Sunday, March 20, 2011
With many owners drafting fantasy baseball teams in the near future, I wanted to discuss some of my unconventional thoughts on the subject. The first can be applied to both draft and auction formats; the other only in auctions.
In most fantasy baseball leagues, pitchers are not valued enough. Before adjusting for the added health risk of the throwing a baseball too often, all pitchers should be valued the same as all hitters because they contribute to the same number of scoring categories in the vast majority of leagues. Since most leagues have fewer eligible pitching spots than hitters, pitchers should be valued more than hitters. In my League, we play nine hitters and five pitchers with two bench spots so the maximum number of pitchers that can contribute is seven. All things being equal, pitchers are worth a minimum 28% more than a hitter in my League.
Of course, not all things are equal. A hitter’s fantasy statistics are less dependent on their teammates compared to a pitcher’s. A hitter’s fantasy production will be less prone to year-to-year fluctuations than a pitcher’s. And we already touched upon the increased health risk. Hence, a fantasy pitcher offers more risk and reward than the equivalent hitter. But if you play in a keeper league, as I do, holding onto a low draft pick or a cheap good pitcher can be an advantage since your team is minimizing risk (high round pick or low cost) with the same amount of reward or 28% over a hitter in my League.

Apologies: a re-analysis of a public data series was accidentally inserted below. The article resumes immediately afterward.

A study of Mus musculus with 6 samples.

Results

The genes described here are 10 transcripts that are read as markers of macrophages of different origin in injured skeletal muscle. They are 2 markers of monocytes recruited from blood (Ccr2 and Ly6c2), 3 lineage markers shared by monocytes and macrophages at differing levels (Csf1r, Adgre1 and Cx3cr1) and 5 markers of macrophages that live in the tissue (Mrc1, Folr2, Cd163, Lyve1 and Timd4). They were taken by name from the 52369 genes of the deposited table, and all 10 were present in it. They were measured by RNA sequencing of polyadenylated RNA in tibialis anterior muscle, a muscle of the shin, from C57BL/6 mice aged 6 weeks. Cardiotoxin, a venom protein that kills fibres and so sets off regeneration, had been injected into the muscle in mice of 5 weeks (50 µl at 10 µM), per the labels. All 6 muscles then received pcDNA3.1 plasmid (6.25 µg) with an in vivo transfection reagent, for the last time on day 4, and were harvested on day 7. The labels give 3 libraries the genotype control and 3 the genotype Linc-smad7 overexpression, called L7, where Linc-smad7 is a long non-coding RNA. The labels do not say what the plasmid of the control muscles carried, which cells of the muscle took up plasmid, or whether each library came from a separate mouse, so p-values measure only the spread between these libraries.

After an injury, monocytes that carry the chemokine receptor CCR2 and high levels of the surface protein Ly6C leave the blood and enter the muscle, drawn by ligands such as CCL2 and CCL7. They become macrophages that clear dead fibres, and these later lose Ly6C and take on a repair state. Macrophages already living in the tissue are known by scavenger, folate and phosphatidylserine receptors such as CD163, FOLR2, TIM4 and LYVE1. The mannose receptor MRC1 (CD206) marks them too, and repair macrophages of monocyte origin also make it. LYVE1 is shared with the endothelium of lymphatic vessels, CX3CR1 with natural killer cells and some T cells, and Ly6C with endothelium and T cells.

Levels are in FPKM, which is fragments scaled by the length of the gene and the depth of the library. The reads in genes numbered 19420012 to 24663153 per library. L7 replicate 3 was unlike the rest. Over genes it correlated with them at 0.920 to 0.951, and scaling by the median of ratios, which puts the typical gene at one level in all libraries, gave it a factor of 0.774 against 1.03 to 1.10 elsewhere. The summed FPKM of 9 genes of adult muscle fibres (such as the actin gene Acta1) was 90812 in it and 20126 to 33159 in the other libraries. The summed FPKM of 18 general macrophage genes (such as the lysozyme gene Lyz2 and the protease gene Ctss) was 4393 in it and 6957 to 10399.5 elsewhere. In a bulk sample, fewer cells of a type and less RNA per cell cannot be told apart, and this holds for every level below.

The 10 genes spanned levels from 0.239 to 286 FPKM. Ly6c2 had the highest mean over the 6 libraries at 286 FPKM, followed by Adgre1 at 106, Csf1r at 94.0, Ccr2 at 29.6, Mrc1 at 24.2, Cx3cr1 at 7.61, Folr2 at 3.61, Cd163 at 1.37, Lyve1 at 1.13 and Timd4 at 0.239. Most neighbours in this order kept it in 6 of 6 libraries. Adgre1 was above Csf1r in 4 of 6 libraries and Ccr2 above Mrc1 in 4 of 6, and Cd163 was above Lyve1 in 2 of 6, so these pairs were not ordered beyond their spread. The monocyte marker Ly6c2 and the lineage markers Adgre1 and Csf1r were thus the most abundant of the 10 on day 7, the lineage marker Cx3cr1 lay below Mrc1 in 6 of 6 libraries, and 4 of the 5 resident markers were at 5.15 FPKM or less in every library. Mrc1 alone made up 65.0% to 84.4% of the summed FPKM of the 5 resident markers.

When my team was going nowhere last year, I implemented the strategy mentioned above by trading for David Price and Clay Buchholz, who each cost only $2 or 2% of the budget. The newly acquired pair teamed with Neftali
Feliz to be the foundation of my club and auction strategy going forward – spend on hitters since spending on high risk-high reward pitchers is not necessary. This fantasy strategy can be applied to many leagues.
Another plan that I used and haven’t seen floating around in the series of tubes was to acquire two completely different hitters. The opposites can complement one another and cost you less than two hitters without any major flaws. My combination of Mark Reynolds and Ichiro Suzuki should average out to 270-75-20-75-20 at a cost of $26 or 26% of the budget. This is a play that should only be tried in auctions. It is too risky for draft formats.
Good luck to all owners not in my League.